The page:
Digital Histories Aims[1] Experimentation with Digital History is a central theme for me this academic school year. Traditional forms of historical research are taught to all historians in the Messiah History Department yet bits of digital history, its themes, and procedures, find their way into the curriculum of multiple classrooms. We have the privilege in Historical Methods, Messiah’s methods class for history majors’, to practice a digital assignment. This year, after briefly being introduced to GIS mapping through the Digital Harrisburg Project in Historical Methods, the students completed a short assignment, using an interactive map and census data to look up Harrisburg families. While simply being introduced to these terms does not qualify as teaching Digital Historical methodology, my J-term class, Digital History, most certainly does.

As I finished my Sophomore year and began my Junior year, I worked on a project tentatively named Spaces of FearIn this project I specifically looked at travel, black and white relations, and discrimination in the Harrisburg area. This project combined many of the themes described in Toni Weller’s book “History in the Digital Age”, such as digitizing sources, teamwork, and the use of the cloud. What was missing however was a way to promote interactivity between these themes both in theory and in practice. This class provides both the theory and the practice of Digital History. It actualizes the skills that myself and others practice in this digital age, changing it into a methodology that can shape future historical projects.

A class named “Digital History” could cover a multitude of topics. Firstly, it may either be a digital historical methods class, which is described in the previous paragraph, giving growing historians the tools to maximize their research capabilities with new computer technologies. Another path for a “Digital History” class is uncovering historical narrative of the digital age over the past couple decades. Luckily, this class is a mixture of both. A small portion of the class is dedicated to establishing the setting of Digital History and how it grew and evolved. It began when government began storhathitrust[1]ing information from physical storage devices such as floppy disks and CD’s. Digital History soon evolved into complex online databases such as HathiTrust and the Internet Archive which provides millions of  historical artifacts and archives endless amount data into a new “Library of Alexandria”. After the data needed is uncovered Digital History tools can aid in data organization. Programs such as the Zotero do this, and copies and backups are supported by the vast internet storage systems such as the iCloud, and Microsoft One Drive. The last step of this class, and arguably the most important, is to utilize the tools in an actual project, that of which will be the part of the final project due for the class.

Utilizing and understanding the nature of Digital History focuses multitudes of data into educational projects. This is made a reality by programs such as Zotero which can categorize web pages, hard drive data, e-books, cloud storage into an easily accessible format. In addition, with the increased communication capabilities of the internet the project may be shared with others, as well expanded upon, and hopefully worked on by big groups. Zotero, allows groups to do all activities listed above as well as a unifying both the technological and commutative strengths of digital history.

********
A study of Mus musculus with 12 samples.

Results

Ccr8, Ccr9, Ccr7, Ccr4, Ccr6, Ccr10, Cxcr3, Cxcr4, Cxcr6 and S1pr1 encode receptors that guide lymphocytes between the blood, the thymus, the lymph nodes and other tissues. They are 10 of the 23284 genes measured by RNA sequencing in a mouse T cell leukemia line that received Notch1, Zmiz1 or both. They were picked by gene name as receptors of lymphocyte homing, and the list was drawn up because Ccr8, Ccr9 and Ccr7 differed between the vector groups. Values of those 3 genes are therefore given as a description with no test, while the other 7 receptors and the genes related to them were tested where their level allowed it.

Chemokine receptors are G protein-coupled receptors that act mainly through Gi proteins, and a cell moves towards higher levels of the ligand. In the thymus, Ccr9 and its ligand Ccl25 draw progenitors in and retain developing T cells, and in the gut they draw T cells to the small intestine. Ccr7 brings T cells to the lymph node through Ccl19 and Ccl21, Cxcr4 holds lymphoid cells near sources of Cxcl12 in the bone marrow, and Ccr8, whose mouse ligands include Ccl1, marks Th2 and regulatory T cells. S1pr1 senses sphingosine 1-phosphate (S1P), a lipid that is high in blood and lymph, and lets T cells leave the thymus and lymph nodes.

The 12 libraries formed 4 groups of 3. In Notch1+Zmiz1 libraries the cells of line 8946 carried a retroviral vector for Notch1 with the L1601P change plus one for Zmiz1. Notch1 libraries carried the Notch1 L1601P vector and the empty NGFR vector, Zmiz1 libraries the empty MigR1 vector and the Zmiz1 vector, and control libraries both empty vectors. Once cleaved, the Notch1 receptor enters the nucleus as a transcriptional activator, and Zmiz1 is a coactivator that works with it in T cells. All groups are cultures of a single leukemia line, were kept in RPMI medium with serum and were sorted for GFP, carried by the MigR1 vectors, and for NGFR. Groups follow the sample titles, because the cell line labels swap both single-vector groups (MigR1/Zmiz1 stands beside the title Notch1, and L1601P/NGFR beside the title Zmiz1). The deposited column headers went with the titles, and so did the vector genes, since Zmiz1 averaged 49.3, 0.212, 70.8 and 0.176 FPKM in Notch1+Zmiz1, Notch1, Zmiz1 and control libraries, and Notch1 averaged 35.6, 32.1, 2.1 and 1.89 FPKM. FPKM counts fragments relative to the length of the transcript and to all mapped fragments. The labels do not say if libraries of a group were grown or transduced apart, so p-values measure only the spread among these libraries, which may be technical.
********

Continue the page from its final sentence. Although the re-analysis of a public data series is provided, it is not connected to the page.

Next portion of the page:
One of the most important pieces of Digital History is the frame shift it provides to the study of history. In fact, Digital History should be a larger part of any historical methods classroom. It is no longer just another theory that can be added to a historians toolkit, but a changing of the toolkit and the tools within it. Historians in the past attempted to collect and organize scarce sources; now historians must refine their searches and maintain their attention so they are not overwhelmed by the abundance. Archival work, bibliographical work, and digitization no longer need to be done independently, but can now be done all at same time. Research used be centered around someone’s independent work, but now giant projects such as the Texas Slavery Project unify multiple scholars under an interdisciplinary umbrella. Historical research becomes an interdisciplinary endeavor, combining geographic, and quantitative data analysis with historical sources.

Lastly, Digital History is changing the relationship between the historians and the public. The digital  world is a bigger one than the traditional one, reaching a larger group people. This blog for example is an example of the marriage between historicity, the digital arena, and the public. Digital History bridges the gap between history and the broad and growing field of public humanities. While these transformations are controversial in some academic communities, these transformations are occurring nonetheless, thus requiring adaptation in training and in education for students and scholars so that informative and expansive projects can be produced.


  1. Very impressed by these articles. As an amateur genealogist, this is the future of research in this area. A great way to put primary data into the hands of all. Hopefully interconnecting multiple sources into a singular database. Has anyone looked into what happens to all the consumer data being accumulated in the electronic market place?
    Future census data seems to be contracting in content captured. I see expansion of this type of effort something that could be marketed similar to Ancestry’s practice. It could repair content loss in the federal census.